As an HR director, you have sat on the company’s board of directors for five years. But after a recent merger, the new CEO changed the board and told you he wants you to focus primarily on administrative functions. Your presence on the board is no longer required. You know that HR is a strategic function. And you have proved its value to the company. How will you resell your value to the new CEO?
I’d begin by documenting the value of my presence on the company’s board of directors by enumerating the issues and discussions that have occurred at the board level over the past five years focusing directly on HR issues. I’d follow that with an attempt to forecast issues that’ll more than likely need to be addressed by the board over the next 12 to 18 months that’ll be similarly focused on HR—including an analysis of the extra energy it will cost the board if a representative of human resources isn’t a member.
James W. Smith, Assistant Superintendent
Manchester Community Schools
North Manchester, Indiana
I’d say to the new CEO: "A review of past changes and anticipated future needs demonstrates that HR’s participation is vital to the success of any strategic planning. We work in an ever-changing society that requires us to take on new challenges in working with a diverse group of individuals from many backgrounds and cultures. More importantly, the laws affecting our human resources constantly change and this requires all administrators to have a general knowledge of those various laws.
"It’s difficult for administrators to know the impact that these laws will have on their decisions. And unintentional slip-ups can become costly and tarnish the image of a historically sound and productive organization—not to mention the liability. With the HR director’s participation on the board, many questions can be readily answered and foreseeable problems can be avoided."
Marye N. Leonard, Director of Affirmative Action
The Union Institute
I think the new CEO should get one chance to make amends. Given the amount of material available on how HR needs to be a strategic partner in order for most firms to continue being successful—and assuming the CEO has studied the market/company prior to the merger and knows the price of failure—I’m going to guess that the new CEO recently suffered a traumatic closed head injury and has forgotten the value of HR.
So, the CEO gets a chance to tweak the board composition by once again bringing HR to the inner circle. Set up a meeting and give it your best shot.
If HR is still outside looking in, send out as many copies of your resume as you can afford. It’s obvious the CEO is looking to dismantle the corporation and you may as well leave before the first wave hits.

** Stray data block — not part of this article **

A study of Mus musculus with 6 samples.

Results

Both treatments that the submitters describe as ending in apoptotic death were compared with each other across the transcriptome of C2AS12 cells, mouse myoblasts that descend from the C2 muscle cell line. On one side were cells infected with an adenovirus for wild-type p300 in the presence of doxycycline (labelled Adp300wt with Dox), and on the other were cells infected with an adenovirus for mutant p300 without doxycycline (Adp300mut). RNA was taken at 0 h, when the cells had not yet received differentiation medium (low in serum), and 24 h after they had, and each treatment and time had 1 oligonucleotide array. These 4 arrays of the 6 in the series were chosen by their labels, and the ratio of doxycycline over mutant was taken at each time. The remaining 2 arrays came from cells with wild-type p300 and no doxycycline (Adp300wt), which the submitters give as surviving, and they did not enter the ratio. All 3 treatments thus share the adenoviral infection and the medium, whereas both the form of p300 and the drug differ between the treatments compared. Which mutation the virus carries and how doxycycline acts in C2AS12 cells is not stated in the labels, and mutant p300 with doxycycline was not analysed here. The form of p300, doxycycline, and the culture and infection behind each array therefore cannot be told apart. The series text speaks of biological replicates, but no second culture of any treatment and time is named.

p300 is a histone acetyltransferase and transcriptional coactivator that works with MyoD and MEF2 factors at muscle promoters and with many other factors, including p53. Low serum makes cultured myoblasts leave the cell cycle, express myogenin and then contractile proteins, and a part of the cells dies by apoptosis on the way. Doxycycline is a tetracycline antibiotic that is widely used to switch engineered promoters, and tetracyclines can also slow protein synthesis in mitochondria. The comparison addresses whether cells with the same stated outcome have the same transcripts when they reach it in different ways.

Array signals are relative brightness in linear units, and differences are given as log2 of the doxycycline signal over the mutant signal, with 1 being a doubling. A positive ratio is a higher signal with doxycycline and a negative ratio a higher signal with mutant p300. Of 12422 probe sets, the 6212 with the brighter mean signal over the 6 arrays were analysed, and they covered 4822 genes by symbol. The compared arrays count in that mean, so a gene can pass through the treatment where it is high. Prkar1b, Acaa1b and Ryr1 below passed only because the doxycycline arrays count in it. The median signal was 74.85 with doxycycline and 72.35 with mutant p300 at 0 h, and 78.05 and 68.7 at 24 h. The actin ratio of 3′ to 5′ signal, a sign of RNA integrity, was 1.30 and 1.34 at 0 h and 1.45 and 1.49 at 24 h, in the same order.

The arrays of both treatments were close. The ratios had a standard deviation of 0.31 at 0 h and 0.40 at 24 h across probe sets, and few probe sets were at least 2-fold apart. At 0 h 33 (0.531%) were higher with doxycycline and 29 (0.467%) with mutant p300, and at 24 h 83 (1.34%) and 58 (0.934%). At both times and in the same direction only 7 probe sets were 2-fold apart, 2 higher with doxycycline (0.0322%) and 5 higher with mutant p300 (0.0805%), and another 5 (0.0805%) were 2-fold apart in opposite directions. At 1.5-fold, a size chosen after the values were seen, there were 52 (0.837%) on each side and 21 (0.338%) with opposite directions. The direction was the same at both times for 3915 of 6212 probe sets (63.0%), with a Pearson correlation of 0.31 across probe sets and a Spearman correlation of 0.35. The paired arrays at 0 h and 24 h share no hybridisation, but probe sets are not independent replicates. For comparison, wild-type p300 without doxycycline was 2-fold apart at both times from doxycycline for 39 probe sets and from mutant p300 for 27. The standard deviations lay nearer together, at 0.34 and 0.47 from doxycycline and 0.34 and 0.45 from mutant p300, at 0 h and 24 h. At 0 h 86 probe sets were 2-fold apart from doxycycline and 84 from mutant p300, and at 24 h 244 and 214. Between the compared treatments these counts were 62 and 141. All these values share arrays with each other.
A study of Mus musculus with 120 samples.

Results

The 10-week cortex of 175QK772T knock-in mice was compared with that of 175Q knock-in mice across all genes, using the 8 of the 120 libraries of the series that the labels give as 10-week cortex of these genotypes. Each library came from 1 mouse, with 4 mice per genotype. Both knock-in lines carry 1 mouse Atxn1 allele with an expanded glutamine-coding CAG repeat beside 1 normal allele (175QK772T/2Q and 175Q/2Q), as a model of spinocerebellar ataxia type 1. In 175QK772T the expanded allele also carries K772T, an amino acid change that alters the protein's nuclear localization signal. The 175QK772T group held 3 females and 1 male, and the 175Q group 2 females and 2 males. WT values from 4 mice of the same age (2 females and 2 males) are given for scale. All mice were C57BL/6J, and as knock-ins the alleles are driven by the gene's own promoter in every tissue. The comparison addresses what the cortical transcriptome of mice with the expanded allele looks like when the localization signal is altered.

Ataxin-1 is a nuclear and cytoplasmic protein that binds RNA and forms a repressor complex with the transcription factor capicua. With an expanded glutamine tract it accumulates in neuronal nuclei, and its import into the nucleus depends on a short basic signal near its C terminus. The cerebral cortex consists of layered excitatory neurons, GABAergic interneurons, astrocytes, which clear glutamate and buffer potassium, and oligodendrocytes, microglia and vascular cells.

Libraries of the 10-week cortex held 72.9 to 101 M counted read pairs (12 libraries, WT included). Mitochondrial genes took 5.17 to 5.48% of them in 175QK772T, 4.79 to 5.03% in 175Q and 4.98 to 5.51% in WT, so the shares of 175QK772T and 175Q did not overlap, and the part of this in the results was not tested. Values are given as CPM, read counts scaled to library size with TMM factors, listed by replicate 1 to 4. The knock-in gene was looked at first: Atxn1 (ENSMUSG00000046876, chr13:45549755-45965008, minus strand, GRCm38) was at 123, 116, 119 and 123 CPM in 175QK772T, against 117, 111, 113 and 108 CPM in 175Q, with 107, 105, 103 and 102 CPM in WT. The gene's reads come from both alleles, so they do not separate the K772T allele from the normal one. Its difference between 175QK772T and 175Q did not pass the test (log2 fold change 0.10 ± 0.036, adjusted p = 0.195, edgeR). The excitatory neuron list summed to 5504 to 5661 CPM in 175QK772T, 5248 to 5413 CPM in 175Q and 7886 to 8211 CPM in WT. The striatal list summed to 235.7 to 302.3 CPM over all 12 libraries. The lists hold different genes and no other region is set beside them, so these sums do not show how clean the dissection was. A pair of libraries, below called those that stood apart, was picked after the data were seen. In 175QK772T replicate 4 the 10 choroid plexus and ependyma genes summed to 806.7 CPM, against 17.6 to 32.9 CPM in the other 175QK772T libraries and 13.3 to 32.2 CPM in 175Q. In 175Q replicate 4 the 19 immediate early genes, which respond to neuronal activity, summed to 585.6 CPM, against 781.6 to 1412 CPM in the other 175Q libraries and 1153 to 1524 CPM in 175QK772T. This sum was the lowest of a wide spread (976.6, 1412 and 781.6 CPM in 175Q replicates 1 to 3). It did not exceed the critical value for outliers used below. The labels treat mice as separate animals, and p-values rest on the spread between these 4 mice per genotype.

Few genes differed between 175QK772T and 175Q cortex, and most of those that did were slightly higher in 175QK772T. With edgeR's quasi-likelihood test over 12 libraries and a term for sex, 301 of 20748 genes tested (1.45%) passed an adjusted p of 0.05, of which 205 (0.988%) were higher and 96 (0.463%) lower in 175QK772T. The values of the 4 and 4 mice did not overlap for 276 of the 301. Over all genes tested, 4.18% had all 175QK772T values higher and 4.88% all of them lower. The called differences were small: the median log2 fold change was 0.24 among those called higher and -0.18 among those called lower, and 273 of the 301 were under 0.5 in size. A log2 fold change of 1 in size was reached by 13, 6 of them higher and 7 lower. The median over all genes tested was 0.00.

And while this may appear to be written from a cynical perspective, I don’t think I’d want to work for someone who appears to be so short-sighted.
Larry Mills, Director of HR
State University of New York
Oneonta, New York
To take the HR director off the board only will slow down the process of instilling the goals the new CEO has for the organization. HR’s role as a partner with other departments enhances the effectiveness of success. Employee morale, labor relations, benefits and training all are vital parts for achieving organizational goals. To take the HR director off the board would, in the end, be detrimental.
Bruce Conklin, Director of Training
Mande, North Dakota
I’d request a meeting with the new CEO to better understand his or her objectives for the organization, his or her assessment of the human potential to contribute value to the organization and the positive and negative experiences that he or she may have had with HR professionals in the past.
Then I’d review the strategic plan for the newly created organization, and define the role HR can play in enabling the organization to achieve specific outcomes. I’d highlight those areas that reinforce the role of HR as a business partner. I’d select key examples of past accomplishments that demonstrate my ability to positively influence the bottom line through participation as a board member. And I’d ask for the support of board members I’ve worked with in the past who can furnish a sincere testimonial to the quality of my thinking and my ability to develop and execute an implementation plan based on a strategic business initiative rather than administrative tasking. I’d recommend other ways to meet the administrative needs of the organization.
And finally, I’d present my information in a focused and objective manner as this is a superb opportunity to demonstrate my ability to analyze a problem and develop a strategic solution to enhance the business and respond to the needs of a new leadership team.
Pamela Falvey, Director of HR
ABB Industrial Systems Inc.
New Berlin, Wisconsin
Workforce, March 1997, Vol. 76, No. 3, pp. 119-120.